Britain's Foreign and Commonwealth office has said Iranian authorities have blocked access to an official website "UK in Iran" ukiniran.fco.gov.uk/en/.
The website details information on British government policies and statements about the Islamic Republic, including criticism of Iran's human rights record.
"This action is counter-productive and ill-judged. It will confirm to the Iranian people that their government is determined to block their access to information, and to conceal from them the international community's legitimate concerns about Iran's policies and behaviour," Foreign Secretary William Hague said in a statement.
"It will also make it harder for Iranian nationals to access information about visiting the UK. And it is further proof to the rest of the world (of) the Iranian government's dire record on freedom of speech and human rights in general," he said.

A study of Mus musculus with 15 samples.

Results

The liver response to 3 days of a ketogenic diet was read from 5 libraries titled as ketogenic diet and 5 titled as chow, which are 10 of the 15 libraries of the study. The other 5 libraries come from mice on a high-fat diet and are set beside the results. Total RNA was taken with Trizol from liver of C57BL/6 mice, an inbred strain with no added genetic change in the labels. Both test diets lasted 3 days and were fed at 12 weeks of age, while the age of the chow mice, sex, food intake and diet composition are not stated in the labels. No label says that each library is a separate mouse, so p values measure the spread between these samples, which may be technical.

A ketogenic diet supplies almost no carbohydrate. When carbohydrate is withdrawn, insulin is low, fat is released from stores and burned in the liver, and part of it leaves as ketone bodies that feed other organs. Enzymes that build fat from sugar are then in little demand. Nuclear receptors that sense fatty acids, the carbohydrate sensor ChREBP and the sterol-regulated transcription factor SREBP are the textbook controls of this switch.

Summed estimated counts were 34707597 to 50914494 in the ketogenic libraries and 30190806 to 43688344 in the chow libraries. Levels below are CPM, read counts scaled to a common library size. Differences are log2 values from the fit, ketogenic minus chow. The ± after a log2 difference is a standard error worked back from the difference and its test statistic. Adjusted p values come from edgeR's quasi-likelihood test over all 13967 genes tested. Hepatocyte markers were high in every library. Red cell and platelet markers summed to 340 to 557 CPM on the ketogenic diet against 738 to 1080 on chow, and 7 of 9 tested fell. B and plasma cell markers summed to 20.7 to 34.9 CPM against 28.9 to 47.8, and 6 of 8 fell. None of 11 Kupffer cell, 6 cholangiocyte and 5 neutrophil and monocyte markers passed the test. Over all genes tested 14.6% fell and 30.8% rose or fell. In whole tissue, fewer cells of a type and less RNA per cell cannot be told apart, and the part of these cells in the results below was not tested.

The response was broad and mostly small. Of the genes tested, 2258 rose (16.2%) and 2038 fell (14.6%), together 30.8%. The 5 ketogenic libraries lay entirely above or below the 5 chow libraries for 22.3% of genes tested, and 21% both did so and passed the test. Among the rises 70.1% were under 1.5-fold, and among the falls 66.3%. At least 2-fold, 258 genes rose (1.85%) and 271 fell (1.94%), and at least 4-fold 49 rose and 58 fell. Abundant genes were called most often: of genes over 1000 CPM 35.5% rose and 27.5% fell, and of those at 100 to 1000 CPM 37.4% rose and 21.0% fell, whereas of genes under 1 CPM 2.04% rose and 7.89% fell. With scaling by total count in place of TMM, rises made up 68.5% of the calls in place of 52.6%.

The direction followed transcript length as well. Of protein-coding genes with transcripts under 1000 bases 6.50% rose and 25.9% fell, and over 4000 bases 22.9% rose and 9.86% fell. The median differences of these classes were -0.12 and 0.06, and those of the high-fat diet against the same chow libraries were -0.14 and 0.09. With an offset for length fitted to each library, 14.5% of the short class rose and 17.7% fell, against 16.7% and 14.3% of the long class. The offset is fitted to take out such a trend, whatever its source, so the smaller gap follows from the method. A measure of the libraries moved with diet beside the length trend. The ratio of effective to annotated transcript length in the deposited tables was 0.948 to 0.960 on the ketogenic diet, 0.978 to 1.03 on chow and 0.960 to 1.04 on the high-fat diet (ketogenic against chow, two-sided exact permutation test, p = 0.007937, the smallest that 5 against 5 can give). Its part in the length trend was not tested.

"This action will not deter Britain from continuing to engage with the Iranian people, including through the Internet."
The spat is part of a wider freezing of diplomatic ties between the two countries, following Britain's announcement that it would increase economic sanctions on Iran in response to its alleged nuclear programme.
In November, Iranian protesters stormed the British Embassy in Tehran, prompting Britain to close the embassy and evacuate its staff. It also expelled all Iranian diplomats from London and closed the UK Iranian Embassy.
Earlier this month, a group of leading international broadcasters accused Iran of increasing its intimidation of foreign media and accelerating efforts to jam satellite broadcasts in Farsi from reaching Iranian audiences.
Following a meeting of senior media executives in London, Voice of America, the British Broadcasting Corporation, Germany's Deutsche Welle, France's AEF and Radio Netherlands Worldwide issued a joint statement calling for an end to attempts to block independent media.
EU foreign ministers are set to consider further sanctions against Iran, possibly including an oil embargo, next month.